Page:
Providing excellent health care for the hundreds of animals at Cheyenne Mountain Zoo comes in many forms. Depending on their individual needs, animals might receive special diets, exercise plans, laser therapy treatments, vaccines, medications and more. Their health care plans often involve injections, both proactively in the form of annual vaccinations, and reactively with medications that can help them through an illness or injury.
Most CMZoo animals participate in voluntary injection training, designed to help keepers and animals prepare for and reduce stress involved with real injections when necessary. Some CMZoo animals participate in their own health care by also taking part in voluntary blood draws. During injection and blood draw training, the animals have the opportunity to walk away at any time but typically choose to stay and participate. These blood draws allow vets to test animals for any issues and respond to them accurately. The blood draws also contribute to national and international research projects that benefit countless species in human care and in the wild.
Through these voluntary blood draws, CMZoo is able to contribute to a giraffe blood plasma bank. The plasma bank is shared with other AZA-accredited institutions, and can help giraffe calves who are struggling to survive in their first days.
Just as Children’s Hospital Colorado provides tips to help children overcome the fear of shots, CMZoo Animal Behavior Programs Manager Rick Hester shared his approach to helping CMZoo’s animals respond comfortably to necessary injections and blood draws.
- Teach prerequisite skills first.
Before we ever get to needles, we teach animals to present various body parts to us, hold still, and allow us to touch them with various benign objects, like our hand, a key, or a stick. These are some of the necessary skills for them to succeed when we need to give a real injection or perform a blood draw.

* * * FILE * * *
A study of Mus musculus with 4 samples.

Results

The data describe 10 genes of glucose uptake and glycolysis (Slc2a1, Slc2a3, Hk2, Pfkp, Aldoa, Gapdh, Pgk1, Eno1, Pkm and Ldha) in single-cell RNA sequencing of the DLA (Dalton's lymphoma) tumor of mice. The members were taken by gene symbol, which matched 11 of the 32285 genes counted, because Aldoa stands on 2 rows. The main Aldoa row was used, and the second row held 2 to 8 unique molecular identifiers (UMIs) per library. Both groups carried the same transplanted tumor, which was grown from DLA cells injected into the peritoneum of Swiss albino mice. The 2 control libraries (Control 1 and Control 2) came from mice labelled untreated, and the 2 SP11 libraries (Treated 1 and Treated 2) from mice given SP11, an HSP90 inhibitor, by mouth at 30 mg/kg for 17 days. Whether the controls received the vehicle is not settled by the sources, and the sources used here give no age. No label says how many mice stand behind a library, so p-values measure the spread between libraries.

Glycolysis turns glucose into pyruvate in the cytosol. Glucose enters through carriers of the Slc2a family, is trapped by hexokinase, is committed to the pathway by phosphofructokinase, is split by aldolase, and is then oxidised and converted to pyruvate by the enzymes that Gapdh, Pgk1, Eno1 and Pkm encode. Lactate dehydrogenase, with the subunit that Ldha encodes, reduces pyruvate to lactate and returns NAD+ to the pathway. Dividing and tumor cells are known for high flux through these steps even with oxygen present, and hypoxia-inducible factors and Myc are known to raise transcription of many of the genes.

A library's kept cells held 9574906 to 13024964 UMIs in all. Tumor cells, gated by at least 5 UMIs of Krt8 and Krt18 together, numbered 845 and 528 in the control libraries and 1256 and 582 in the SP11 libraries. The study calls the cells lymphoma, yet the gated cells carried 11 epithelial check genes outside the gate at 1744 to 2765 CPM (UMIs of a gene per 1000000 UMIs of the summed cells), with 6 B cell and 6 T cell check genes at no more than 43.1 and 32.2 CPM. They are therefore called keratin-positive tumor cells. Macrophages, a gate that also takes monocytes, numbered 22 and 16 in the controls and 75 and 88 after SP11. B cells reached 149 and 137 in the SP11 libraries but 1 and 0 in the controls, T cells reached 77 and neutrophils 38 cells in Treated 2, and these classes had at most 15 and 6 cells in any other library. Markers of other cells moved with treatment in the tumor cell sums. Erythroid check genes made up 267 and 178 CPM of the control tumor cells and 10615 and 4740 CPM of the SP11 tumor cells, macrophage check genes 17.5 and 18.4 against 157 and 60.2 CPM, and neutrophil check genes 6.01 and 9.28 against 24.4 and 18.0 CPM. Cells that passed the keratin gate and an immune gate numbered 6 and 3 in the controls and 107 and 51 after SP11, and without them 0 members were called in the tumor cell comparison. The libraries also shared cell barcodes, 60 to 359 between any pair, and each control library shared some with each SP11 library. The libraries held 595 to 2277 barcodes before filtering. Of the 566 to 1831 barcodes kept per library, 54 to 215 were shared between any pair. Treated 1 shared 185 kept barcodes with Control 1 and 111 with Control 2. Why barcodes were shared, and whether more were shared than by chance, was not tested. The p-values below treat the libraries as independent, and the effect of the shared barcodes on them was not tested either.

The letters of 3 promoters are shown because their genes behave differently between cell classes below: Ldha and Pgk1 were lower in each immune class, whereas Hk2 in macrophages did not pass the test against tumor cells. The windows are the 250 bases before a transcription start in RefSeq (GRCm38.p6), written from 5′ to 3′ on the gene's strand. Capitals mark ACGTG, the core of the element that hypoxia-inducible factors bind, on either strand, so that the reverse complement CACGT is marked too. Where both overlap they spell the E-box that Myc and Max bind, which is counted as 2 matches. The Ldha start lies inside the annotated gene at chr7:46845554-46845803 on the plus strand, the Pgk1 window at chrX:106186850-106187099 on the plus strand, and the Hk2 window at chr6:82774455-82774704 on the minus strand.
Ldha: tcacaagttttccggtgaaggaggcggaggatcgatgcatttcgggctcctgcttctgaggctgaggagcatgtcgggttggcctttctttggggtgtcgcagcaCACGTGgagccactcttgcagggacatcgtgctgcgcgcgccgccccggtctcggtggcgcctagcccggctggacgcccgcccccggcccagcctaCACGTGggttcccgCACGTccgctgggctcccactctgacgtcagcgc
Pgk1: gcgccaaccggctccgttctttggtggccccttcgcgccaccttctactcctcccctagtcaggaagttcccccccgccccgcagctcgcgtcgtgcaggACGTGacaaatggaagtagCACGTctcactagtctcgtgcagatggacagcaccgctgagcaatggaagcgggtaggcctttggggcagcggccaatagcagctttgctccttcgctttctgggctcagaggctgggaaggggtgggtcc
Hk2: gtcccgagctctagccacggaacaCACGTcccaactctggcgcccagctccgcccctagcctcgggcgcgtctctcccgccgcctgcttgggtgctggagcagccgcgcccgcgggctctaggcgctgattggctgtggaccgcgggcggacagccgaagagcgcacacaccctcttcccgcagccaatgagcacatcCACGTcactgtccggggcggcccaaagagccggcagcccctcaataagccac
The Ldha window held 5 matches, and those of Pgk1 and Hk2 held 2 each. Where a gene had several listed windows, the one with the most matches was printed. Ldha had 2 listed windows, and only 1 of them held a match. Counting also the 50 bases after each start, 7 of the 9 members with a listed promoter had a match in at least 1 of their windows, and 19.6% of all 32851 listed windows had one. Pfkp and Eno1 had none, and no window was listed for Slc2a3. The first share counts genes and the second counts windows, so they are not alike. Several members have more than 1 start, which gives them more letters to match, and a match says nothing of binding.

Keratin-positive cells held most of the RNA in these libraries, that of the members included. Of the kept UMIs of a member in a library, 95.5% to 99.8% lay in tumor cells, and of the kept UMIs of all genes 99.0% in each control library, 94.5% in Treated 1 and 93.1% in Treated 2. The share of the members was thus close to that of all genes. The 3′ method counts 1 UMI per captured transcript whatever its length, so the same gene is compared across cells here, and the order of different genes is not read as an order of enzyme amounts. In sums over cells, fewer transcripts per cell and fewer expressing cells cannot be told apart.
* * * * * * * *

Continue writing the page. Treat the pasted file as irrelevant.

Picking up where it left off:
- Arrange the environment.
We look at the overall environment and arrange everything for the animal to be successful. A comfortable place to sit or stand, an easy way for us to deliver food treats, limiting noise or other distractions if possible — these are all examples of ways we arrange the environment for success.
- Find the right reinforcers.
Our training program focuses on positive reinforcement techniques. To be successful, we need to have the right reinforcers, depending on the animal and depending on the behavior we are teaching. For behaviors like holding still for an injection or a blood draw, we use high-value food items such as fruit snacks for an orangutan, marshmallows for an African elephant, or chicken for an African lion.
- Celebrate small steps towards the goal.
We would rarely be successful if we expected an animal to present its shoulder and let us give them a vaccination during our very first training session! We reinforce small approximations (what some might call “baby steps”) to get them to the final goal. For example, they could start by presenting their shoulder to a keeper’s hand, then a stick or a pen, then finally a syringe. We reinforce each successful step or approximation and move forward to the next as the animal performs each step confidently. This style of teaching provides the animal with a lot of information about how to be successful and builds their confidence quickly.
- Prepare the site.
For some species, we apply ice to the injection site prior to giving a vaccination or performing a blood draw. This helps reduce the response to the needle poke for some animals.
- Follow the animals’ lead.
Do we have to give the injection in the shoulder if an individual seems more comfortable presenting a hip or leg? We let the animal’s behavior influence what the final goal looks like in all of our training. In this way, our training is a dialogue between humans and animals, helping to set both up for success.